Optus will offer compensation to 8700 of its customers who were sold NBN plans than their connections were incapable of achieving.
It is the second NBN retail service provider to compensate customers for slow NBN speeds following Telstra's early November announcement of compensation for 42,000 users.
The Australian Competition and Consumer Commission (ACCC) today said those affected by the Optus NBN speed issues had signed up to a range of plans with a 'boost max' add-on between September 1 2015 and June 30 2017.
'Boost max' boasted maximum download speeds of up to 100 Mbps and maximum upload speeds of 40 Mbps, but technical limitations on users' FTTN or FTTB connections meant achieving these speeds was not possible.
As was the case with Telstra, many of the affected customers could not even achieve the maximum speeds advertised for the next lowest-tiered NBN wholesale plan.
The ACCC said 5420 Optus NBN FTTN customers - representing just under half of its total FTTN user base - could not receive the 100/40 Mbps speeds promised under the retail plan, and 2337 of those could not receive even 50/20 Mbps speeds.
A further 1519 FTTN customers on plans offering 50/20 Mbps speeds couldn't achieve those numbers, nor could 1381 FTTN users on 25/5 Mbps plans.
Similarly, 116 users on FTTB plans with 100/40 Mbps advertised speeds weren't able to achieve 50/20 Mbps.
The ACCC had similarly found 9606 Telstra NBN FTTN users could not receive 50/20 Mbps speeds while signed up to a plan offering maximum 100/40 Mbps speeds.
"This is a concerning trend we have seen throughout the industry and we are working to fix this," ACCC chairman Rod Sims said in a statement.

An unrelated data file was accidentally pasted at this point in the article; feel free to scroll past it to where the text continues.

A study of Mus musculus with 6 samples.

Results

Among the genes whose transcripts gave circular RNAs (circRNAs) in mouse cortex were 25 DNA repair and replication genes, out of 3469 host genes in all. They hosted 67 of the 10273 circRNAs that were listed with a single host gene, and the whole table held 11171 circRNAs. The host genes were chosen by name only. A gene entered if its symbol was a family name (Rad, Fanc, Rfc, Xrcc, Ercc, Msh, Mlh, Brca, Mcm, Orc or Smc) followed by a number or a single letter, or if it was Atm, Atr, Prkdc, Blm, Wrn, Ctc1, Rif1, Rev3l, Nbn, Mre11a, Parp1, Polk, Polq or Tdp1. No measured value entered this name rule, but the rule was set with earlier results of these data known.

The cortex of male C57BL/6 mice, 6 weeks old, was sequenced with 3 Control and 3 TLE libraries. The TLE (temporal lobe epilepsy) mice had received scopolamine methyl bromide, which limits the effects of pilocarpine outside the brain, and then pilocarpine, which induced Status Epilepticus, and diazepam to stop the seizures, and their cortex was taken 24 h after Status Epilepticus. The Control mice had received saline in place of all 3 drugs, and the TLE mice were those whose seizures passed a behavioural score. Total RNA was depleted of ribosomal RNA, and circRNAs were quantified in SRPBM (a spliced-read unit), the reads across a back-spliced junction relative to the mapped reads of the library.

RSPs have previously told iTnews that they rely on poor line speed data at the point of sale, making it difficult to accurately sell retail NBN plans.
However, this does not preclude them from having to meet Australian consumer law.
The ACCC said Optus had admitted that it had likely contravened Australian consumer law by promoting and offering plans with advertised speeds that could not be achieved.
Optus will contact affected customers before March 2 next year offering refunds, the ability to move to a new speed plan, discounted plans, or the ability to exit a contract without paying a fee.
The court-enforceable undertaking Optus has provided the ACCC also requires the telco to make sure new NBN customers are getting their advertised speeds within four weeks of a connection.
“This undertaking is yet another step towards an industry standard of providing accurate information to consumers about the speeds they can achieve in real-world conditions, and ensuring that consumers get what they pay for,” Sims said in a statement.
“We are continuing to investigate other retail service providers selling NBN broadband plans, and will take enforcement action if we consider that they are not delivering on their promises to customers.”
The ACCC will commence its broadband monitoring performance program - which will see the speeds experienced at 4000 homes recorded over the next four years - next month.